Researchers and nonprofit leaders representing 14 countries convened at UConn last week to begin work on a global five-year, multidisciplinary project to help scientists, governments, and peoples around the world understand and plan for sustainable and socially responsible tropical forest regrowth.
“For a long time scientists have observed deforestation in the tropics, in which you see forest cover going down,” said the project’s principal investigator, Professor Robin Chazdon of the Department of Ecology and Evolutionary Biology (EEB). “But for a variety of reasons, deforestation rates are now slowly declining. In some cases forests are now coming back, and it’s urgent that we act to bring these forests back in the best ways we can.”
Called PARTNERS, which stands for People and Reforestation in the Tropics: a Network for Education, Research, and Synthesis, the project is supported by a five-year, $440,000 grant from the National Science Foundation.
What makes the project unique, says co-PI Mike Willig, professor of ecology and evolutionary biology and director of the UConn Center for Environmental Sciences and Engineering, is that it brings together not only ecologists and environmental scientists, but social scientists, such as economists, anthropologists, political scientists, and sociologists, to determine the best practices for forest regeneration.
The researchers hailed from Brazil, Mexico, Australia, India, Britain, the Netherlands, and many other nations.
“The purpose of the project is to bring people together who have not heretofore collaborated,” noted Willig, “and represent multiple disciplines from the continents that have tropical forests and beyond.”
The rambunctious garden
Tropical forests suffered unprecedented damage in the 20th century, when old-growth Central and South American, African, and Asian forests were cleared for farming, to harvest timber, and to build roads and cities.
But some forests are beginning to return. Today, the researchers said, almost 4 million square miles in the tropics offer opportunities for reforestation. Chazdon’s recent book, Second Growth: The Promise of Tropical Forest Regeneration in an Age of Deforestation (University of Chicago Press, 2014), gives a review of the human impacts on tropical forests over several centuries and, more recently, on the ecology of forest regeneration.
One example she cites is Puerto Rico, which before World War II had less than 10 percent forest cover. After the war, many rural residents moved to San Juan and other cities for jobs in new U.S. factories, leaving their farms behind.
Over time, these abandoned farmlands have grown into young forests, raising Puerto Rico’s forest cover to about 50 percent today. But Chazdon warns that because scientists don’t know what plants and animals are making up these secondary-growth forests, it’s hard to know what benefits they provide.
“This is not a reversal of deforestation, and we don’t want people to think it simply solves the problem,” said Chazdon. “But up until now scientists haven’t looked closely at what’s actually growing in these forests. So there’s a lot of interesting things we can study about it.”
Reforest with care
At the workshop, 43 natural scientists and social scientists convened at UConn to begin synthesizing the available research on forest regeneration, with the goal of making tangible reforestation recommendations to policymakers in tropical regions around the world, and initiating new research and education projects based on synthesis of existing data.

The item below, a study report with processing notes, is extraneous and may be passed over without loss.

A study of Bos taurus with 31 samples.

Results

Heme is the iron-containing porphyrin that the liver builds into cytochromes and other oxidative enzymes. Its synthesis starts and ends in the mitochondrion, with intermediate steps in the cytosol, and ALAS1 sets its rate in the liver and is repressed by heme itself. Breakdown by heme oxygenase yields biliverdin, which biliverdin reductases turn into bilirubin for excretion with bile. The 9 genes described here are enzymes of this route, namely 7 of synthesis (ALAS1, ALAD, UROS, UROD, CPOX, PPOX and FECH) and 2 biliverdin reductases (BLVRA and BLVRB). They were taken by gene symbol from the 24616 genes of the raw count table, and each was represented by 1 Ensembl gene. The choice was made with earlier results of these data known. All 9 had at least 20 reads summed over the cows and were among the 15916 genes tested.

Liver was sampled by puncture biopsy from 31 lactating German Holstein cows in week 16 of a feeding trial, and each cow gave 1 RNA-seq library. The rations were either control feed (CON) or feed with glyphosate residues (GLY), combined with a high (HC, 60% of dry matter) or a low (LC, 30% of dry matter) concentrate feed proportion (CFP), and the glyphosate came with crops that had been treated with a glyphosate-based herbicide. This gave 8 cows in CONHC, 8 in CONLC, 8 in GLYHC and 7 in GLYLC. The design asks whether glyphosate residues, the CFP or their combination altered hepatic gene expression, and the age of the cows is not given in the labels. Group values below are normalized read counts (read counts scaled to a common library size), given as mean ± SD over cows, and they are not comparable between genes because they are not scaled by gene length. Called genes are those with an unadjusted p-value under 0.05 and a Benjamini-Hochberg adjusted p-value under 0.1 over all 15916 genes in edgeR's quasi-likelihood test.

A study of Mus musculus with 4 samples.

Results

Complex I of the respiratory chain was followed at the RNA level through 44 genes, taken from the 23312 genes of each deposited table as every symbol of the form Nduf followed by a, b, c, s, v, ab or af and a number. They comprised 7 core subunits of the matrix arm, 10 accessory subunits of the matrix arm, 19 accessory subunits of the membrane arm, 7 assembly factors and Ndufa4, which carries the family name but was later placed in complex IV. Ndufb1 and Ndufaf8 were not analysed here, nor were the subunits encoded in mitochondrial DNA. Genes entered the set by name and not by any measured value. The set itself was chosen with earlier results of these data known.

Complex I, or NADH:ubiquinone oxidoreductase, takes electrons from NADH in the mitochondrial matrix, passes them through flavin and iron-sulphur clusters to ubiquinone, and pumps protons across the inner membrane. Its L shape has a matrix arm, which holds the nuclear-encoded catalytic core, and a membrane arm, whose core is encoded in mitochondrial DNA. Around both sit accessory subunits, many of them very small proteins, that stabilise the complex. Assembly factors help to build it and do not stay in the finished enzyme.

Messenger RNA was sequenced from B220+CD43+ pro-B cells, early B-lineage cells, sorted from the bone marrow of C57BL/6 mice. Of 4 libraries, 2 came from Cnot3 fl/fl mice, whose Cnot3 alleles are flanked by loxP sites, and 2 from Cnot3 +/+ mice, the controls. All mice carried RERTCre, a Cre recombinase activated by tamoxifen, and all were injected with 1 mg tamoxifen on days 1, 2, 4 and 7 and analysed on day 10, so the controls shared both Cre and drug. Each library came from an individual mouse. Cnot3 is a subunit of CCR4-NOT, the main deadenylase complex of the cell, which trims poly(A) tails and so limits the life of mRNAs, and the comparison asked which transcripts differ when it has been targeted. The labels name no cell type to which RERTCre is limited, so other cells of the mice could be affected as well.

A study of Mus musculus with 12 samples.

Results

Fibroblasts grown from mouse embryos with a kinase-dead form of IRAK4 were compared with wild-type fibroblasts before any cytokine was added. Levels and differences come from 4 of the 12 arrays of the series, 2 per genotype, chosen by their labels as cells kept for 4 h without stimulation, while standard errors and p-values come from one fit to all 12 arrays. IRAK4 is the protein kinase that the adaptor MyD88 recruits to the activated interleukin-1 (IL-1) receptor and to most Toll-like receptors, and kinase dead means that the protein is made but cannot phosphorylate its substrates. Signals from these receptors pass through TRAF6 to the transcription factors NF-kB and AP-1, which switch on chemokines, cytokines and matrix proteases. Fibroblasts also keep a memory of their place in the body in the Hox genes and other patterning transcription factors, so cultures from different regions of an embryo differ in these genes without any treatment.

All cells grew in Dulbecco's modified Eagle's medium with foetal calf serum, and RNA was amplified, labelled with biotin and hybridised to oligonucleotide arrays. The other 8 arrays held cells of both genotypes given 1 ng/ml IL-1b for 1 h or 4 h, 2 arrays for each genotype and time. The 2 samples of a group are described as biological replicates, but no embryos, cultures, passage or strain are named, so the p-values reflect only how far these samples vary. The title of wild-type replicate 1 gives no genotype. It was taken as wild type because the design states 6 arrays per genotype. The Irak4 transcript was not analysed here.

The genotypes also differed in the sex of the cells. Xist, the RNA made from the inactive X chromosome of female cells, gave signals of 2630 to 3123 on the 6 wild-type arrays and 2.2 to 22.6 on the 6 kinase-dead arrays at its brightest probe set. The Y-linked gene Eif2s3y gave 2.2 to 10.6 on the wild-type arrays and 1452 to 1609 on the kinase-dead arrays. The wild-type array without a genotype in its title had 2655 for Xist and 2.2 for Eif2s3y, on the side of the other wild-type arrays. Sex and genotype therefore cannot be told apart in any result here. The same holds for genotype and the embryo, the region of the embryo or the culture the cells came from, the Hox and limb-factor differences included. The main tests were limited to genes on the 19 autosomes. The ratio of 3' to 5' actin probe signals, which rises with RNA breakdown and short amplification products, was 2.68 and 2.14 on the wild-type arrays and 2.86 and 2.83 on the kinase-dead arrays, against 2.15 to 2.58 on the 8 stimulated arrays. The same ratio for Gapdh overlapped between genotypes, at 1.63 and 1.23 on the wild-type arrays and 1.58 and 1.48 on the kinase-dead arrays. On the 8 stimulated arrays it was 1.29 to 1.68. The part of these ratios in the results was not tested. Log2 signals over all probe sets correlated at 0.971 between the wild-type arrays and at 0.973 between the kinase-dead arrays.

In their outcome statement, the researchers pointed out that reforestation should be considered at many different scales.
Although reforestation occurs at the local level and needs to include input from local and regional communities, the researchers said, there are also important global benefits involved that shouldn’t be taken lightly.
Reforestation can provide many benefits in the form of ecosystem services, like removing carbon from the atmosphere and filtering water, and these benefits cross local, national, and international boundaries.
For example, Prakash Kashwan, assistant professor of political science at UConn, said a new type of commodity market for ecosystem services is emerging, creating incentives for businesses and governments.
“When we have a fundamental shift like payment for ecosystem services, are there opportunities? Are there threats?” he asked. “Ultimately, reforestation is about the behavior of individuals, corporations, and governments. It’s a complex political economy.”
Many global non-governmental organizations participated in the conference, such as the World Resources Institute, the Union of Concerned Scientists, and the International Union for the Conservation of Nature. These groups are active in reforestation efforts and often have the ear of policymakers, so they are an invaluable resource, said Chazdon.
Over the coming years, the group will produce white papers, peer-reviewed articles, and policy briefs to be used at various levels of scientific and government decision-making.
UConn is an ideal home for this work, and for the initial workshop, because of the many researchers here interested in sustainability from many different disciplines, said Willig. But he says the real driving force behind the work has been Chazdon herself.
“This has been Robin’s passion for more than 25 years, and she’s among the world’s experts on it,” he said. “She’s the right person, in the right place, at the right time.”